Mississippi’s Lt. Gov. Delbert Hosmann speaks during Thursday’s MEC Capital Day, held at the Mississippi Trade Mart. (Photo by Jeremy Pittari/Magnolia Tribune)
Mississippi’s business community heard about the importance of increasing the number of educated workers in an effort to build a strong and willing workforce in the Magnolia State during Mississippi Economic Council’s annual Capital Day, held at the Mississippi Trade Mart on Thursday.
While the second leg of Capital Day was planned to take place at the State Capitol, a bomb threat that morning closed the building for a short time, prompting Lt. Gov. Delbert Hosemann to speak to the state’s business leaders at the Trade Mart.
“It really wasn’t a choice to come here or stay with the bomb,” Hosemann joked.
On a more serious note, the second-term Lt. Governor went on to inform attendees that the Legislature has invested in infrastructure, $100 million of which is for roads and bridges with another $2.3 billion in overall infrastructure investments.
“We’re actually paying for infrastructure… two years in advance, that’s never been done,” Hosemann said.
Another round of teacher pay raises is on Hosemann’s agenda. The last couple of years teacher pay raises averaged $6,000, and there is a plan to increase them again this year, he predicted.
There is also a need to address the state’s current workforce participation rate, which is below average when compared to the rest of the nation. Hosemann said the state has the worst labor participation rate in the country, and as a result he wants the Legislature to establish free community college, meaning the state would offer tuition free education to the state’s youth from kindergarten through community college.
“Now if we’re going to change the workforce participation rate, we got to have competent people, and that competency will come from education,” Hosemann said.
He said it’s important for the businesses and industries in the state to offer job shadowing and internships working with Mississippi’s career coaches.
“What that does is give you first choice on that employee,” Hosemann stated.
Even though the unemployment rate is about 3 percent, meaning 97 percent of the population that wants to work has a job, there is a larger portion of the population that is simply not interested in finding employment.
“So, basically Mississippi is fully employed, that’s where we are. The only way to add to the pool is to get a more educated workforce,” Hosemann continued.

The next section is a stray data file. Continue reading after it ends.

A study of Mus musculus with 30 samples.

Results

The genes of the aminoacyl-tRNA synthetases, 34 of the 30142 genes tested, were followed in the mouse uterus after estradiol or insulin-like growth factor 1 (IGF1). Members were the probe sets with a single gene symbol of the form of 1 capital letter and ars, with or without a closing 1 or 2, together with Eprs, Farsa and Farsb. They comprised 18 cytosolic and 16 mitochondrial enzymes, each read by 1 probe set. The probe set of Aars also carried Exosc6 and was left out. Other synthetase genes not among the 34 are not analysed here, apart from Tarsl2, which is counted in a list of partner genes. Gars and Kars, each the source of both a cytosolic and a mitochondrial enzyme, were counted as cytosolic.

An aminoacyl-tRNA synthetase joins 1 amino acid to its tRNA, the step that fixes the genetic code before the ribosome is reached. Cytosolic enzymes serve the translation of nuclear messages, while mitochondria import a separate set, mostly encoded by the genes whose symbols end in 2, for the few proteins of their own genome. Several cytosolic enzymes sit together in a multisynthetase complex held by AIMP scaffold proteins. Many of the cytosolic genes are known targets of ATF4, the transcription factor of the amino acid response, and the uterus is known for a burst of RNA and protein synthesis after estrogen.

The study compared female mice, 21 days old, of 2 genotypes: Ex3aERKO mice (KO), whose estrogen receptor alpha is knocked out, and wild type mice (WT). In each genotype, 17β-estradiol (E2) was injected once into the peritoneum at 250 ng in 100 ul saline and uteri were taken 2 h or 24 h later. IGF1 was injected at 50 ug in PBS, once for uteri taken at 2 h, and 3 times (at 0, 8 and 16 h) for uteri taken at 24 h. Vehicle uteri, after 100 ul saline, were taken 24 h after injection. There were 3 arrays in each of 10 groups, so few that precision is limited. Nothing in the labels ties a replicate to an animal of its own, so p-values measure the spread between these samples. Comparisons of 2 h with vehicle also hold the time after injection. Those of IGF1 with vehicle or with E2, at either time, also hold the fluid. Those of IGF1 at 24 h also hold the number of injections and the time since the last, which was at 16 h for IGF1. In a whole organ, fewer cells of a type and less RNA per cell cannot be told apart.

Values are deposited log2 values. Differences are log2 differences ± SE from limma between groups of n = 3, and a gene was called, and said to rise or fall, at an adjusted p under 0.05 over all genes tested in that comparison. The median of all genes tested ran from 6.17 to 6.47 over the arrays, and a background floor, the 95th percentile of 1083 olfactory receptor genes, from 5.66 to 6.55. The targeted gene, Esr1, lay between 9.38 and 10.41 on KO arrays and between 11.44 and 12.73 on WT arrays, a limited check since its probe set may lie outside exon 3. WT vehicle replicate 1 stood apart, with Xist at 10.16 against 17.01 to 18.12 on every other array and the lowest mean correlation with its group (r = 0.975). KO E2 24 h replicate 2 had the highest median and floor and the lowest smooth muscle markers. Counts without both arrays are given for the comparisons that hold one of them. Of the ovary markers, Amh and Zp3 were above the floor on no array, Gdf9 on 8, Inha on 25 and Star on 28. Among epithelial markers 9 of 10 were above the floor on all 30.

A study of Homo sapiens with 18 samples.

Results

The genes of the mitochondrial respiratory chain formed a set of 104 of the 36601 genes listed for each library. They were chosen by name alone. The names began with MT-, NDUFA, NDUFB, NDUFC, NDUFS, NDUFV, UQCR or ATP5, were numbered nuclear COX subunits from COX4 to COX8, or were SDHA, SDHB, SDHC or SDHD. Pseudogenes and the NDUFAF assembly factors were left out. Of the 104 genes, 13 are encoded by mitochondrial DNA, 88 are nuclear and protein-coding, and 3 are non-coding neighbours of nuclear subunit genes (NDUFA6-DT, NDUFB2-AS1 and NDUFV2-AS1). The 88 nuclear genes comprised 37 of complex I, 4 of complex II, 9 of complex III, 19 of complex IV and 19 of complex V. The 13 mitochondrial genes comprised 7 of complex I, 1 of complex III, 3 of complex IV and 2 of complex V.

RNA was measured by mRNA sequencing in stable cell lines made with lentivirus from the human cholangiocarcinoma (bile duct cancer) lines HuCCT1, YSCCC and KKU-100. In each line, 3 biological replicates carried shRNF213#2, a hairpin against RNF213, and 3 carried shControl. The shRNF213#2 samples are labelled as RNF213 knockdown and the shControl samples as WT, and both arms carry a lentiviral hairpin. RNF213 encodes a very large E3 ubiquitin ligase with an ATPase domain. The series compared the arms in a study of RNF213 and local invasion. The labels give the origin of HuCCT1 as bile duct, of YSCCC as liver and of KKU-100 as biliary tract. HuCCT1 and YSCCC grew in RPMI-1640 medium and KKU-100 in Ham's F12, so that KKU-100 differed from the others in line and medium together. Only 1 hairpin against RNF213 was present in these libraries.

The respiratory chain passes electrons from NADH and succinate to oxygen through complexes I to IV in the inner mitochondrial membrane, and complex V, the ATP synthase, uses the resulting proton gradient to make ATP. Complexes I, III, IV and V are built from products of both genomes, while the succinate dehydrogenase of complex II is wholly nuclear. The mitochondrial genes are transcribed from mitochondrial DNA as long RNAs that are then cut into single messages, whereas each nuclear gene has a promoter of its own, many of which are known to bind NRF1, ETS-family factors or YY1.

The current workforce participation rate, or the rate of the total population that is employed, is 53.9 percent in Mississippi. The national average is 61 percent, Hosemann said.
“That’s a huge pool of people that could be working for you, making your better, making your jobs better, making your company better, making their lives better, making our state better,” Hosemann elaborated.
Settling debt is another priority for the state’s lawmakers, which is already underway, the Lt. Governor told attendees.
“This year we will pay off $900 million of state debt – 24 percent of the state’s debt has been erased in the last three years and we do not intend to borrow any money this year,” Hosemann added.
He said reducing debt shows the state is not only planning for the future for the current workforce, but also the future of the state’s children.
Career coaches Lorene Haymer with the Holmes County Central High School, Collyn Leggett with West Jones High School, and Jim Sutherland with Columbus High School also spoke during the MEC event on how they help students find a career path they will enjoy that does not involve going to college and how businesses and industries can get involved.
A career coach’s task is to learn each student’s strengths and interests to help set them on the path to a career where they will excel. Such work can include giving the student hands-on experience through an internship or job shadowing, as Hosemann encouraged.
Sutherland said his campus works with local businesses in the Columbus area to provide students with access through a workforce program. There, students spend about 100 hours working in a field they may be interested in during the school year. That experience helps the student determine if it’s a path they want to pursue while connecting the dots so the student sees the bigger picture of what that job path will entail.
If a particular company does not offer internships or job shadowing, a professional in that particular field can come to the school and speak to students to give insight into the job’s day-to-day activities.
Haymer said career coaches also provide mock interviews, where students learn about the importance of dressing properly and gain experience in the intricacies of an interview.
Parents and guardians play a large part in their child’s future. Leggett suggests they encourage students to meet with school counselors and career coaches to assess the opportunities.
“Parents are important in the decision making process,” Leggett said.